Operation Wildcats: Madison County New York
Wildcats purr-fect for cantankerous catsOneida Dispatch, New York - Sep 17, 2006
By LEEANNE ROOT, Dispatch Staff Writer
CANASTOTA - Everyone deserves the chance to have a loving home. The cats helped by Operation Wildcats are no exception.
The local volunteer organization is helping to control Madison County's feral and stray cat population.
Linda Shaffer started Operation Wildcats in 2002 out of a love for cats.
"I rescued a sick kitten and decided something had to be done," she said.
The organization operates on a trap, neuter, release policy. Volunteers receive calls from area residents who see strays or are feeding outside cats.
Operation Wildcats then goes to the area and captures the cats using "have a heart" traps.
"Sometimes they come right to you," Shaffer said. "But usually we use traps baited with tuna or sardines."
The cats are then taken to Chittenango Animal Hospital, where they are checked for feline leukemia and Feline Immunodeficiency Virus, both deadly and contagious cat viruses.
The cats are then spayed or neutered, allowed to recover and returned to the area they came from.
"Feral cats can't usually be adopted; typically we bring them back to people who have been caring for them outside," Shaffer said. "They will usually continue to supply the cats with food and shelter."
The important thing, she said, is that now the cat is not reproducing anymore.
Female cats can give birth at least twice a year. Litters can have anywhere from five to eight kittens. A mother and her first litter can end up reproducing hundreds more cats in just a couple of years.
"That is why there is such a huge cat problem all over the world," Shaffer said.
Operation Wildcats targets the reproduction cycle.
But the cats can not always be returned to outside life.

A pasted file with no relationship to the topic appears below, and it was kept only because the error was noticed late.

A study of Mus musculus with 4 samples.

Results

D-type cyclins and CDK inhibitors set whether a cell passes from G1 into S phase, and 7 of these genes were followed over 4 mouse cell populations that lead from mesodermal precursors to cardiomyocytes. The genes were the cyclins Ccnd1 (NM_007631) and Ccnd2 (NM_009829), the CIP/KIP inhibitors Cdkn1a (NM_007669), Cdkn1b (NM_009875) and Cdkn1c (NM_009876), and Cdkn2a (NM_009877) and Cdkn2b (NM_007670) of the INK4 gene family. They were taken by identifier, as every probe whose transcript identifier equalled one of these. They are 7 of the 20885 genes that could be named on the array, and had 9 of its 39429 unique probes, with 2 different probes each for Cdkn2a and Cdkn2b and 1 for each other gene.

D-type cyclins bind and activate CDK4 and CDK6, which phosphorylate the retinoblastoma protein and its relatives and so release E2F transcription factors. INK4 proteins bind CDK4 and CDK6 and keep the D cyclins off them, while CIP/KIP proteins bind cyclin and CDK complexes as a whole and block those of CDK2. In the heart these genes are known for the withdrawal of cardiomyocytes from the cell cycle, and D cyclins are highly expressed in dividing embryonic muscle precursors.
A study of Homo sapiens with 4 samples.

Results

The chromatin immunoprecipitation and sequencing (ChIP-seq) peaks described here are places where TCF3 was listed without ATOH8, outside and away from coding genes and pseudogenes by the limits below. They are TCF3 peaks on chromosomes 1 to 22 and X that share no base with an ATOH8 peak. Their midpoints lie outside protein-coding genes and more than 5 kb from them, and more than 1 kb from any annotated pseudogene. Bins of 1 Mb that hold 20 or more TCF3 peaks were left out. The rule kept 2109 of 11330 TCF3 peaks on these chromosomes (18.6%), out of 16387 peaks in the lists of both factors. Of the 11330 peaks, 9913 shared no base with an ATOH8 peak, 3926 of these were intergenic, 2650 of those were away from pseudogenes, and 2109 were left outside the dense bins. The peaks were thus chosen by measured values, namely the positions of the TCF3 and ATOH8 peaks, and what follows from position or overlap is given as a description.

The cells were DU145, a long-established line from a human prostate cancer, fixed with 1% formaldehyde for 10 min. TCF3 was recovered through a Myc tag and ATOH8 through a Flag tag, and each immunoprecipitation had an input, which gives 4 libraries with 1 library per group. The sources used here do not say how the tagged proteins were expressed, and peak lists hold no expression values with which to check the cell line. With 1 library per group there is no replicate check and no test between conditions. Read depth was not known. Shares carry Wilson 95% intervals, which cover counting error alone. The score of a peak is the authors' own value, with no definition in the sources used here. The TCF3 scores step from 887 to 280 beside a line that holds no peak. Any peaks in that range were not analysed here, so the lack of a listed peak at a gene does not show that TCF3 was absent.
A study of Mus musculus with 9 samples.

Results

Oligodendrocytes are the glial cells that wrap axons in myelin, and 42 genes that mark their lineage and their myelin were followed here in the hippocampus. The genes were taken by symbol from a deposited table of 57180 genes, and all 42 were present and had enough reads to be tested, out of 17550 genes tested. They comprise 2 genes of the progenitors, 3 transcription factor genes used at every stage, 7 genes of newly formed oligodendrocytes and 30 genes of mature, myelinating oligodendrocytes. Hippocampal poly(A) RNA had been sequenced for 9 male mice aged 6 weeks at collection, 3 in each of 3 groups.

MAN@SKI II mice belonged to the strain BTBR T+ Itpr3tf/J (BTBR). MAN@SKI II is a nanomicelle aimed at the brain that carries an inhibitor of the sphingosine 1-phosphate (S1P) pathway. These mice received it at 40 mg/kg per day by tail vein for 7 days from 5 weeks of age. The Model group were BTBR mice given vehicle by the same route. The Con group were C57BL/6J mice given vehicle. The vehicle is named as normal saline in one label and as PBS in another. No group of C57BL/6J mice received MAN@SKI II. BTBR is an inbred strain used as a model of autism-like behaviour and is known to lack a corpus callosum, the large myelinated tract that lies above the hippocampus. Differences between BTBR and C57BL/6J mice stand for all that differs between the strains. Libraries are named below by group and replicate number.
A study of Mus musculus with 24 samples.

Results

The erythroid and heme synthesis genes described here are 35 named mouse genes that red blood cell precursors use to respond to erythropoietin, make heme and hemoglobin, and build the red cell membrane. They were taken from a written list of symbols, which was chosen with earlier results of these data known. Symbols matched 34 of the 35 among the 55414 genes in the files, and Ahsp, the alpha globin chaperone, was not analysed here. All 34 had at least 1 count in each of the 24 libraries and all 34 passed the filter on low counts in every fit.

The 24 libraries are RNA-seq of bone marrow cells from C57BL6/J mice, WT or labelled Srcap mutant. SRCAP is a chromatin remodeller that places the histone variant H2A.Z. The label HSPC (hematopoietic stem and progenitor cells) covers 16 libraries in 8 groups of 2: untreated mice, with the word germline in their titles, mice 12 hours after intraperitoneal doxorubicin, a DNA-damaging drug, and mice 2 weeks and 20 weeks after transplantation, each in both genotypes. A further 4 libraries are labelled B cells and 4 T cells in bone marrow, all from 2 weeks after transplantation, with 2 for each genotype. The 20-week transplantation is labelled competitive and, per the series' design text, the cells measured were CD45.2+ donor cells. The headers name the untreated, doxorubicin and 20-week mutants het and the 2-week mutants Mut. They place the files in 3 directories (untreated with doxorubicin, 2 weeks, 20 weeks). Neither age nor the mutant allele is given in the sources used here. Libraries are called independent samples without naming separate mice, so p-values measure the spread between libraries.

Friendly strays are kept to be adopted. Pregnant females are taken care of by the organization until mother and kittens are adopted.
Tina Mikulka, a volunteer for Operation Wildcats, houses the cats that are to be adopted at her home in Canastota.
Currently she has about 22 kittens and eight adult cats in her care.
"I go through close to 200 pounds of kitty litter and food in a week," Mikulka said. "Wal-Mart donates ripped bags of litter and food."
Some cats are cared for in foster homes.
"Right now we only have one person that does fostering for us," Mikulka said.
She said that all kittens are de-wormed and given a rabies and distemper vaccination before they are adopted.
Mikulka explained that there is a between difference feral and stray cats.
"Feral cats have never had human contact," she said. "A stray is a domesticated cat without a home."
She also said that when trapped domesticated cats will usually meow when a human approaches them.
But a feral cat will growl and hiss.
Mikulka said that some feral cats can become friendly and be adopted.
She uses her basement to house the cats in separate large enclosures as they recover from surgery.
According to Shaffer, a male takes just a couple of days to recover from being neutered and a female can take up to 10 days to recover from being spayed.
"These animals are well taken care of. We have to be sure the incision site is healed and there is no infection," Shaffer said.
In the morning all the cats get out and play with some supervision. Those that want to can go outside where there is a fenced-in area.
"Some of the cats want nothing to do with being outside," Mikulka said.
But some of them don't want to come back in.
One adult cat, named Grandma's Kitty, loves to spend nice days outside napping and sunning herself.
But Scooter, another adult cat, does not like going out much at all.
"She comes running back in as soon as the door is opened," Mikulka said.
Each of the cats has a distinct personality and just needs to find the right family to fit it.
"Some people don't think there is a feral cat problem because they don't see them," Mikulka said. "They come out late at night and early in the morning."
For more information on how to adopt call 697-2188.
To volunteer time or donate products call 363-3750.